Tracks from Salt March released Sep 2010, no longer available anywhere...
Salt March is an album that I produced, performed and wrote everything. I played all the guitars, most bass (that's Doug Elliott on "Fortune" and Aaron Grant on "Make You Mine") sang all the vocals, played keyboards, basically did everything except play drums. I recorded all the guitars at various home studios, rehearsal spaces, wherever I could scrounge up a decent mic and amp combo.
It was interesting how the whole thing came together. It’s an album that realistically was probably over six or seven years in the making. It was more about compiling ideas, and experimenting while trying to capture something musical and interesting. A lot of the material on this album was first take attempts that were created while in the act of experimentation. Many times I got lucky and managed to capture that first take magic. So it’s an interesting album in that it was written, recorded, and created entirely off the grid, off the musical radar if you will, and is kind of a pure representation of what it was I was trying to achieve with little to no outside input or opinions. There were no managers, label reps, A&R or anybody standing by during the process to offer guidance or input, or to help shape things to “fit the market” of the time. The only changes that were made because of outside input was when the whole thing was finished and I signed with an indie label based out of Toronto called Pheromone Recordings. The head of that label, Kim Cooke, had some ideas about remixing, so we went back into the Armoury studios in Vancouver to remix a couple of the tracks.
The two co-writers who are on the album are Craig Northey and Lance Lapointe. Craig helped out with some lyrics and the bridge in Unfamiliar and Lance wrote the riff that became the bridge for Behind Closed Doors. Lance was actually in the band for a while. We’ve been close friends since the mid-90s.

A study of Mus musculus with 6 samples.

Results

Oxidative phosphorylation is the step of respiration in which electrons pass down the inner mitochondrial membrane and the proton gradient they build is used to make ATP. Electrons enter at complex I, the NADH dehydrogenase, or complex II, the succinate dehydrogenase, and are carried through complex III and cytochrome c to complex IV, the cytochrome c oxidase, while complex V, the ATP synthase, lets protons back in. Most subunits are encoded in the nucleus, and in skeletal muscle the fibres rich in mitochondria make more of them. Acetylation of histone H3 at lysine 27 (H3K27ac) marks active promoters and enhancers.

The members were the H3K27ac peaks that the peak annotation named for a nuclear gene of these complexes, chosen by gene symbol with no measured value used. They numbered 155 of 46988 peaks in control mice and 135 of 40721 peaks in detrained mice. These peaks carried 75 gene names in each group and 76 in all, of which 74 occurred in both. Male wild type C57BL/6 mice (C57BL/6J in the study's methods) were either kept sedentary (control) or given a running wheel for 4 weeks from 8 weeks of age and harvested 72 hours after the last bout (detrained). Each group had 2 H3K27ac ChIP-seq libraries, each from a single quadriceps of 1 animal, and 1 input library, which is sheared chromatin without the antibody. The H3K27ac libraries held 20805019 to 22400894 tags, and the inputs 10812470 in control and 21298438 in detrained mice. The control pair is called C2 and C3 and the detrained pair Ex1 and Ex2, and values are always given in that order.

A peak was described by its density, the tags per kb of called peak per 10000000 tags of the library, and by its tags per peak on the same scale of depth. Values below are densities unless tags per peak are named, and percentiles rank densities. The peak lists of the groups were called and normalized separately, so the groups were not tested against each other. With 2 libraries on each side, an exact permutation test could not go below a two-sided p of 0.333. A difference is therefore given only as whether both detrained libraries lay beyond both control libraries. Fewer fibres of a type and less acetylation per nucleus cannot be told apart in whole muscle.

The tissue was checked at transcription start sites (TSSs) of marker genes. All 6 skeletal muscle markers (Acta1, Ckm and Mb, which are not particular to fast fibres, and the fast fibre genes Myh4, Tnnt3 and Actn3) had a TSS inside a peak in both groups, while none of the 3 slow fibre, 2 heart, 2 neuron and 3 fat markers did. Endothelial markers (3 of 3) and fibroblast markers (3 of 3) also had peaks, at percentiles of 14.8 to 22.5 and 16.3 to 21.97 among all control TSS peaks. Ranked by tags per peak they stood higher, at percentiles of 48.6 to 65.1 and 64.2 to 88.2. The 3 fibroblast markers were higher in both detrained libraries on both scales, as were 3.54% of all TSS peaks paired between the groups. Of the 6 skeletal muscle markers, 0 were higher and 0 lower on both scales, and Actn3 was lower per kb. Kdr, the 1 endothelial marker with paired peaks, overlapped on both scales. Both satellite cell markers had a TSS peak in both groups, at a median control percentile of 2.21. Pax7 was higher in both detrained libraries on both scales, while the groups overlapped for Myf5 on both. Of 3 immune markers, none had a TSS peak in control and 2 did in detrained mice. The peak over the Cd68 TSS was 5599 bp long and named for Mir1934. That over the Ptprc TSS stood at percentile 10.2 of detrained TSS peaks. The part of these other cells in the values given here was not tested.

And Paul Silveira was a huge part of this album seeing the light of day. He recorded all the drums at Armoury Studios and also mixed a few songs and oversaw / co-mixed the rest. We worked together in the studio as a mixing team; he would start the song, get the drums going, then I would mix everything else around that, and he would come back at the end to adjust what I had done and thats how it all got mixed.
The rights to this album officially reverted back to me after my deal expired last year which feels great to own the music again. Thinking of a re-release at some point in 2020, a 10 year reunion re-release!
Control room perspective of Pat Steward laying down the drums at the Armoury Studios in Vancouver, BC Canada, for a new version of Never The Machine Forever, an instrumental Soundgarden cover in progress. Hes rocking live in the big room behind the panels
Tracking a Brit classic with Pat Steward on drums, another studio perspective at Armoury Studios in Vancouver with Paul Silveira engineering, this is actually a cover of Jeff Becks cover version of the Beatles "A Day in The Life." A double cover!